2016 Legislative Session Wrap-Up: Part 1

Current Events & News, Legislation | 03/07/2016

Parasa Chanramy
Policy & Advocacy Manager

Parasa manages Stand's policy and advocacy programs, working with members and elected leaders to improve schools.

The short 2016 session is over. Phew! We made it. 

Before we give you a rundown, we’d like to thank the English Language Learners Advocates Coalition (Adelante Mujeres, Africa House, Asian Pacific American Network of Oregon, Asian Family Center, Chalkboard Project, Center for Intercultural Organizing, Immigrant and Refugee Community Organization, Latino Network, Northwest Health Foundation, and Salem-Keizer Coalition for Equality); Oregon School Boards Association; Chalkboard Project; and Oregon Business Alliance for all of their hard work, support, and collaboration on different education bills this session.  

We also want to express our deepest gratitude to all of the lawmakers who stood up, spoke up, and voted for bills that will improve educational outcomes for kids in Oregon.

Now, let’s get into the nitty-gritty:

Education Investments in the Budget

High-quality early learning: Oregon lawmakers invested more than $5.3 million to bolster Head Start prekindergarten programs and released $17.5 million to expand access to high-quality, mixed-delivery preschool programs.

Support for Oregon Promise students: Lawmakers also invested $1.6 million for Oregon Promise students. These students will benefit from additional counseling and other support services aimed at improving academic success and graduation rates.

Overview of Key Education Bills that Passed

Chronic Absenteeism (HB 4002A, sponsored by Rep. Gallegos)

Did you know that 1 in 6 Oregon students was chronically absent last year, missing over 10 percent of their enrolled school days?

That is a LOT of students who are less likely to do well in school and graduate on time due to being chronically absent. Here’s a snapshot of Oregon’s troubling data:

  • In math, only 46% of chronically absent students met state standards, while 66% of students who are not chronically absent met the standards (a 20-point gap).
  • For reading, only 62% of chronically absent students met the standards, while 74% of students who are not chronically absent met standards (a 12-point gap).
  • In 12th grade, only 3 in 4 students who were chronically absent graduated high school in four years, compared to the 91% of students who had attended school more regularly (a 16-point gap).

HB 4002A will be critical in helping reduce chronic absenteeism in Oregon. This new legislation directs that the Governor’s Chief Education Office and the Oregon Department of Education to work together on a statewide plan to reduce chronic absenteeism. The plan must include the following:

  1. A process for publicly disclosing annual information on chronic absence rates for each school.
  2. Guidance and best practices for all schools and school districts to use to track, monitor, and address chronic absences and improve attendance.
  3. A process for identifying schools in need of support to reduce chronic absences and improve attendance.
  4. A description of technical assistance available to schools identified as being in need of support, including technical assistance that will be provided by the department or the office.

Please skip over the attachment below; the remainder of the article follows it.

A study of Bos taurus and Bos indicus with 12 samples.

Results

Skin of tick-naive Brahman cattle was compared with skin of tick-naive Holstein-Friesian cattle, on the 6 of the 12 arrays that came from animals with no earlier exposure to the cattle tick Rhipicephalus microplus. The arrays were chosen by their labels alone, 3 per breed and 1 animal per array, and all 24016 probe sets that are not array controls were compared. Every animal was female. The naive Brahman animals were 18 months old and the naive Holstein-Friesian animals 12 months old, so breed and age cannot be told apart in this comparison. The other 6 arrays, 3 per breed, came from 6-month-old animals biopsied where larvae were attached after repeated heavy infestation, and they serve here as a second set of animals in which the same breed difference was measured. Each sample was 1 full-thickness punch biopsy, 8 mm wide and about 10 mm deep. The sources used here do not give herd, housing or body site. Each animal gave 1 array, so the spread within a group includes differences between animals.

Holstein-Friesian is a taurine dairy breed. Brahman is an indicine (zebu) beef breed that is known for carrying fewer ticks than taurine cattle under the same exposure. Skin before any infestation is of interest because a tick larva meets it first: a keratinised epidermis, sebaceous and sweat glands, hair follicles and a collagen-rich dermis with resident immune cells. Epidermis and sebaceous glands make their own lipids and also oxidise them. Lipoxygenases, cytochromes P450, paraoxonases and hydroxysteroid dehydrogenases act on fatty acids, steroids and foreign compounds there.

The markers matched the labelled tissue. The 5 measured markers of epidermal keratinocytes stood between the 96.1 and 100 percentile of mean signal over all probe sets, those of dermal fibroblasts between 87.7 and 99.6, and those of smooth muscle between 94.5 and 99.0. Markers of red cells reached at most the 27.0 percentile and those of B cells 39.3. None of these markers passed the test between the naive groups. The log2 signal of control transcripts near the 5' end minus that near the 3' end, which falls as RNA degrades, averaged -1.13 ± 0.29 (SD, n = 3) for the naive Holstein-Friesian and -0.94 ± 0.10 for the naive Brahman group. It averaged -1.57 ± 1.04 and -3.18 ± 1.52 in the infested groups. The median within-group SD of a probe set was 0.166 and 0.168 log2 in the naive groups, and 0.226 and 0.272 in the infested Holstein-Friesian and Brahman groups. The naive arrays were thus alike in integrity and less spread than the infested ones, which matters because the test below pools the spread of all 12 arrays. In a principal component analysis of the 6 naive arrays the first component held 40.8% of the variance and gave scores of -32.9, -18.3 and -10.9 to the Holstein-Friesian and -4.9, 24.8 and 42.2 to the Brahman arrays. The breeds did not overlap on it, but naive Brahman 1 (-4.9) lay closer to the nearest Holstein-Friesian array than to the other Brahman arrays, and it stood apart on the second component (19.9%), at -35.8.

5. The estimated costs associated with implementing the plan.

In developing this plan, the Chief Education Office and the Oregon Department of Education must collaborate with representatives of the Department of Human Services, Oregon Health Authority, Early Learning Division, and community and education stakeholders.

The Chief Education Office, in coordination with the Oregon Health Authority and the Oregon Department of Education, shall also distribute grant funding to qualifying school districts and education service districts who are interested in implementing a program to decrease rates of school absenteeism using trauma-informed approaches to education, health services, and intervention strategies.

HB 4002A fiscal note: $25,500 for the statewide plan and $500,000 for the pilot program.

HB 4002A vote break down:

  • House: 54-Yes votes; 4-No votes; 2-Excused
  • Senate: 26-Yes votes; 2-No votes; 2-Excused

Poverty Weight Reporting (HB 4057A, sponsored by Rep. Whisnant)

One in four students in Oregon were living in poverty in 2014—a 30% increase since 2008.

In order to learn more about the different investments districts are making in order to serve students living in poverty, HB 4057A draws from the recommendations from the HB 2968 Poverty Workgroup Report. This new legislation requires the Oregon Department of Education to produce a narrative report on how each district is spending their additional poverty weight dollars, and what best practices, programs, and services are being used to increase achievement for students from families in poverty. Under our State Funding Formula, school districts who have students living in poverty receive an additional 0.25 weight. The total revenue districts receive from the poverty weight is $137,716,520.

HB 4057A fiscal note: Minimal.

HB 4057A vote break down:

  • House: 55-Yes votes; 0-No votes; 5-Excused
  • Senate: 25-Yes votes; 0-No votes; 5-Excused


We've got plenty more education bills to cover, so stay tuned for more information coming later this week! We'll cover quality teaching and learning, ELL reporting, and more.